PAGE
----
Notes from Thrillerfest Part 1
Actually, Thrillerfest just kicked off tonight with a reception. But Craftfest has been running for the past two days. I’ve just observed, listened and tried to feel the vibe. It feels a bit different, more subdued than in years past, but the hotel is also undergoing a renovation so people are scattering in the evening. But just shooting from the hip and from what I’ve heard and seen: no one really knows what’s going to happen in publishing.
There is definitely a sense that the digital revolution was terribly under-estimated, which I already knew half a year ago. Frankly most people still under-estimate it.
More than, though, is my feeling that few people see the big picture. Most people are concerned with their niche and how their niche can either survive or prosper or what they might be able to do in order to adapt. Or are scared of the very real possibility their niche is being obliterated by the new publishing paradigm.
Traditional publishers seem to have two major problems: one is that they are large organizations and you can’t turn something like that on a dime. They have a business model in place that has to keep running for quite a while longer in order to generate revenue in order to survive now, yet they have to change in order to survive in the future. The other problem is that people always prefer the known to the unknown. That’s normal. If I’ve done something the same way for the past however many decades, it’s very hard on an emotional and subconscious level to let go of continuing to do it that way.
Another thing I’m sensing overall is that the ‘indie’ book movement is also morphing. Those who are finding success with it are finding they can’t keep it up on their own. Even outsourcing a lot of the work on one-time fees doesn’t really work because writing and publishing is an ongoing and evolving thing to be a career author now and make a living at it. Sure you can pay someone to do cover art, editing, formatting and uploading, but that’s only the foundation of the business. Doing promoting, marketing, trying new things, foreign rights, audio, etc. etc. while still doing the most essential thing which is producing more books is almost impossible for an individual to accomplish alone. We recognized that early on and formed Who Dares Wins Publishing 18 months ago. Some of the authors who have indie success are now banding either with agents, publishers or other entities to take the heavy lifting on with those things so the writers can focus on the writing. That’s simply a reality.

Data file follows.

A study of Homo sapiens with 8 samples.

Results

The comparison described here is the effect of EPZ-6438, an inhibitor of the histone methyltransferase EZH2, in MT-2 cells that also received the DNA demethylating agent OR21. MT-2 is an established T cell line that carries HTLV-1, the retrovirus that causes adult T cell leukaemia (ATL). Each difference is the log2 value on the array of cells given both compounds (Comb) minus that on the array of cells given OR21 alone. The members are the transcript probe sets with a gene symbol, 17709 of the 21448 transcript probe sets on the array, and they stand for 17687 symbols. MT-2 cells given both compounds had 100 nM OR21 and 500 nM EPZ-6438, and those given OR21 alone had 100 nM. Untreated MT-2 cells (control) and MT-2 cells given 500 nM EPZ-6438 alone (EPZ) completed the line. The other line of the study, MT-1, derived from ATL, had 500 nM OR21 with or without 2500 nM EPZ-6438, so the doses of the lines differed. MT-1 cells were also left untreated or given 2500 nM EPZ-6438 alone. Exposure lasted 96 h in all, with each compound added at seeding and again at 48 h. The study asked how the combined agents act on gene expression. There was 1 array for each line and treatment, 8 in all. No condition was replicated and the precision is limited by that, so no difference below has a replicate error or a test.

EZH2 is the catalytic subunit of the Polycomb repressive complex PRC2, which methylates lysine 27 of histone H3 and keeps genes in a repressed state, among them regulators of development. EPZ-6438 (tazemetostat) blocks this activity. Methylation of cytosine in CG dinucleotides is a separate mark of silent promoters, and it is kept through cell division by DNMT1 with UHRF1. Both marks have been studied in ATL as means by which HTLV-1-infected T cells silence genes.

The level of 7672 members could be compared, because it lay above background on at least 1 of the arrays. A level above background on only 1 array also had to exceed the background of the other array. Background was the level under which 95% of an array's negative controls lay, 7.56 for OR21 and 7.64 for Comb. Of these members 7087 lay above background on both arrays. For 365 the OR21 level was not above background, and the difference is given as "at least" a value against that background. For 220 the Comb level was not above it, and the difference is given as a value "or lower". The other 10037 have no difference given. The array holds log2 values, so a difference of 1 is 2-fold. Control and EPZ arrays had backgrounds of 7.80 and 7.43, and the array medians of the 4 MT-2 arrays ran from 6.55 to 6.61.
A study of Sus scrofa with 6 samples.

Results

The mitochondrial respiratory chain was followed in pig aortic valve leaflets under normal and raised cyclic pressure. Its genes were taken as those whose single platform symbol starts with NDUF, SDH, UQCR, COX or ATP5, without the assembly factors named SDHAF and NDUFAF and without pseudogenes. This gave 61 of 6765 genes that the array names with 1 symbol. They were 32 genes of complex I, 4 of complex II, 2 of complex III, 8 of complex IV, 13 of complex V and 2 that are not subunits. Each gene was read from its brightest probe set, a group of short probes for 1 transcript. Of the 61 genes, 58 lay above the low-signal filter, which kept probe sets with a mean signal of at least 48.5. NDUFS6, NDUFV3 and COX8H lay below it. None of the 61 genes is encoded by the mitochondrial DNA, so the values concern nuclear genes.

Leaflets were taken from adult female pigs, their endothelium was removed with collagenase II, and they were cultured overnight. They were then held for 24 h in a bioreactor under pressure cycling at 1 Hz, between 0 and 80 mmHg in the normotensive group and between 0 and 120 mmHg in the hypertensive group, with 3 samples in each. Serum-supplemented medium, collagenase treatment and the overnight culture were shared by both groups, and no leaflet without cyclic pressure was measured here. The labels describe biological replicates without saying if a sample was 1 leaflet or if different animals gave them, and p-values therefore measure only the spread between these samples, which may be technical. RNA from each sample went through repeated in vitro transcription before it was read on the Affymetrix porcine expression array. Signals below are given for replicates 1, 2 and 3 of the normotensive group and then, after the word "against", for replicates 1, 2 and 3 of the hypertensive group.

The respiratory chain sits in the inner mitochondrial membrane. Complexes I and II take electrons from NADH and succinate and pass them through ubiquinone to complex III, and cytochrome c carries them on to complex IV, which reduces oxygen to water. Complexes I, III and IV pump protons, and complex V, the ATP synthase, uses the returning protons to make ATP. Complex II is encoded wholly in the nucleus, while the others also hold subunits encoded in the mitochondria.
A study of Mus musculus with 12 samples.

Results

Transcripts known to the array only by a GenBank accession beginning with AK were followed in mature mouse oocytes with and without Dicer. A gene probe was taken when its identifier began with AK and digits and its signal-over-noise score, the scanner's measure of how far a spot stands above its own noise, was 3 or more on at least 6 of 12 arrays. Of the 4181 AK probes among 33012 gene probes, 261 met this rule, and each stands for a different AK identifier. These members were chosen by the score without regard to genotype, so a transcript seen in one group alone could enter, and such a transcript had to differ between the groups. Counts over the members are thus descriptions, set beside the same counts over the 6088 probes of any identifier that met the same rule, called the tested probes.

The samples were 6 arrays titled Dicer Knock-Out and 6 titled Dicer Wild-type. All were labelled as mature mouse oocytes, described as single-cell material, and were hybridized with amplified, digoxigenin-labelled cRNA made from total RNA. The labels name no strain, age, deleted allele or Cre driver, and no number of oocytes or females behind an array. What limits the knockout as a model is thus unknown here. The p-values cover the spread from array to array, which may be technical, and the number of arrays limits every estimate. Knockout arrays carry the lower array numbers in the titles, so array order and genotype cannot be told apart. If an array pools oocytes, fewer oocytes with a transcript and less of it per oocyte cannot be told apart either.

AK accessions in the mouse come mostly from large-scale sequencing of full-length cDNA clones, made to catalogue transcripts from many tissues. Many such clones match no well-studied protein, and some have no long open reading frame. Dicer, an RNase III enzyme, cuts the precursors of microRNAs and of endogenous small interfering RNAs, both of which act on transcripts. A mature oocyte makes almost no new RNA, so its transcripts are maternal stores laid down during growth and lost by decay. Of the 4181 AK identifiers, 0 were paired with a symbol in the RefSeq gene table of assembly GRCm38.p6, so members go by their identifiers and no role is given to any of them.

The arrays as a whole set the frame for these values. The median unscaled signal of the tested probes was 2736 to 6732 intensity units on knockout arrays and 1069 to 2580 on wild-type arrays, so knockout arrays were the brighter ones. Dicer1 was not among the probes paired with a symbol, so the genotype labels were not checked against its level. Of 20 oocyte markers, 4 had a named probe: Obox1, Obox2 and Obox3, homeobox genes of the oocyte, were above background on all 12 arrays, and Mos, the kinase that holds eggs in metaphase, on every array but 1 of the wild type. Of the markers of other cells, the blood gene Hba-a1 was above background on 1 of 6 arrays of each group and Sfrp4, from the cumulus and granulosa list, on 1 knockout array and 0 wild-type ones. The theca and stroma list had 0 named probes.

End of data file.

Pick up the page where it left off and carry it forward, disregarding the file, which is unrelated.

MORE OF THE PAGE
I’ll post more about this, but what I see is a lot of morphing of roles in publishing and lines that were considered black and white, are now turning gray. While we can argue about things, it’s a reality. Which brings me to the last point as my brain turns to mush—I see too many people arguing the emotions of the business rather than the reality of the business. What I ‘like’ or ‘dislike’ matters little in the business. To thrive as an author and publisher I have to absorb all the information out there, regardless of how it makes me feel. I see way too many publishing ‘gurus’ who believe they have the answers, when they only have some answers and don’t know other things that are reality. When I look on Twitter and some expert has 10,000 followers but only follow a chosen handful (mostly who agree with them), I question their view. When these gurus go to a conference and do their presentations and never bother to sit in on other presenters’ workshops or presentations, I think that’s very shortsighted. And I’m very leery of considering their advice as the answer. It’s part of the answer.
Because tomorrow’s reality is going to be different and the only way to truly prepare for it is to be open to all information, regardless of whether we agree with it or not.
Posted on July 7, 2011, in Uncategorized and tagged Bob Mayer, Book Writing, books, business, eBooks, Future, Self-Publishing, Technology and Publishing, Thrillerfest. Bookmark the permalink. 21 Comments.